Dr Bruce Long will be presenting this paper at the NZAP conference in New Zealand in December.
We can have detailed knowledge of complex systems like animal physiology, protein synthesis, and DNA translation/transcription, without having much, or any, information about the specific finitary evolutionary processes that originally produced them. Evolved representations embedded in the structures of complex natural systems either no longer carry, or else never did carry, represented information about those phenomena and processes. Otherwise, if organisms do carry causally induced representations of those processes, we may never be able to identify them, or what they indicate. The natural codes are no longer available and not derivable by deduction, induction, inference, or extrapolation.
However, we know from classical information theoretic principles that one token of a particular organism still carries non-accidental information about all of its conspecifics. The legumes in your garden carry information about all other legumes. Your pet goldfish carries information about all of its conspecifics, even though all tokens of their common distant evolutionary upstream causal source processes and phenomena have been lost. Similarly, one token of a particular type of celestial X-Ray source, like a specific kind of gas giant or a star of a particular type, carries information about all other entities of that type, but early conditions that produced original tokens of that type have dissipated.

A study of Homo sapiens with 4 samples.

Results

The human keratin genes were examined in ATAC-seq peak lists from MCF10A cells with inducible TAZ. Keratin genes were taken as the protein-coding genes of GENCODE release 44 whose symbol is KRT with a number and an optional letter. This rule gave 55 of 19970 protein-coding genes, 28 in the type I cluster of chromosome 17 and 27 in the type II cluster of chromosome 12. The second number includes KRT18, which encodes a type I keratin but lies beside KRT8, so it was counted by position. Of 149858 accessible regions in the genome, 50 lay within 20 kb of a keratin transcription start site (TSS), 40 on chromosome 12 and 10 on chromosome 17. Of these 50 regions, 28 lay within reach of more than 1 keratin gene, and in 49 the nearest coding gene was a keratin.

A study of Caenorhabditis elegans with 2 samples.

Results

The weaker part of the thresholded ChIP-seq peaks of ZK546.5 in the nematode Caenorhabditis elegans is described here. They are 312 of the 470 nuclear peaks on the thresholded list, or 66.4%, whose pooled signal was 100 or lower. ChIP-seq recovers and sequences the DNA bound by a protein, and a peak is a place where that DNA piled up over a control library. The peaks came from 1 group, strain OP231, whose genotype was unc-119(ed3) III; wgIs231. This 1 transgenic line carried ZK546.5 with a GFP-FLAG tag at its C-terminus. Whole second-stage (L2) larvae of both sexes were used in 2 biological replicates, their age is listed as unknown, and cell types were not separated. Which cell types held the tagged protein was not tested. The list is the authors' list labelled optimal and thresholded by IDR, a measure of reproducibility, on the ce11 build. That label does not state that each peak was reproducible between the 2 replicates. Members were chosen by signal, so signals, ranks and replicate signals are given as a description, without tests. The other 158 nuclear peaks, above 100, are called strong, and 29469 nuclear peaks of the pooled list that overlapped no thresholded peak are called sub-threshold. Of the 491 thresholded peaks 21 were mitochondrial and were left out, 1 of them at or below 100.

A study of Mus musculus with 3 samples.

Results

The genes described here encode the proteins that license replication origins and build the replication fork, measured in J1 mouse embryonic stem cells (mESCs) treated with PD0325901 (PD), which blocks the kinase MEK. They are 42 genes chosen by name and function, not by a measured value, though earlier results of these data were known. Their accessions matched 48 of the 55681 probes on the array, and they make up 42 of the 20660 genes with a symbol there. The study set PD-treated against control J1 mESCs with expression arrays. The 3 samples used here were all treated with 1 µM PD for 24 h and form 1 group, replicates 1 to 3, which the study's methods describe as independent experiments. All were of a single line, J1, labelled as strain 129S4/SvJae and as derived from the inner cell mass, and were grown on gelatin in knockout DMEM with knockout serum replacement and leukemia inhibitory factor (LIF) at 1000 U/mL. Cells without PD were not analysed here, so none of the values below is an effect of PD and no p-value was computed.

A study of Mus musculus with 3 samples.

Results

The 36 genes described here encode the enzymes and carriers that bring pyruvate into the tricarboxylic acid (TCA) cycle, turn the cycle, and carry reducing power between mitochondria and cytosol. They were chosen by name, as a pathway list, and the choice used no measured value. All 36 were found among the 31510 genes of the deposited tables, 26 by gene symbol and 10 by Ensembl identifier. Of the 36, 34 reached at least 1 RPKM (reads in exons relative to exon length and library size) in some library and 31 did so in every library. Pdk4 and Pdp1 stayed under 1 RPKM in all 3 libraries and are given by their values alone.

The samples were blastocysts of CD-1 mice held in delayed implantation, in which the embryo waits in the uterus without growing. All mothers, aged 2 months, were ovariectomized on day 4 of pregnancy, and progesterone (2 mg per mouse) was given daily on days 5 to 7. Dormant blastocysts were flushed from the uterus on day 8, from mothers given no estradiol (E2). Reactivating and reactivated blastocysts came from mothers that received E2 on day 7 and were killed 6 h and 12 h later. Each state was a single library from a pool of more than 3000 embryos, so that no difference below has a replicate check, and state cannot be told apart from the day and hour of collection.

Fred Dretske (1981) called the kinds of channels involved in these transmissions ‘ghost channels’. According to some probabilistic inferential conceptions of information transmission, causal pathways and token sources of origin are not necessary conditions for transmission. I’ll argue that ghost channels demonstrate that although information and transmission are importantly different from causation, ontic physical determination, and physical structure, these are still necessary conditions for the obtaining of both. Causal channel conditions, causation in causal signal pathways, and the interaction between channel conditions and causal signal pathways, are necessary conditions for all transmission.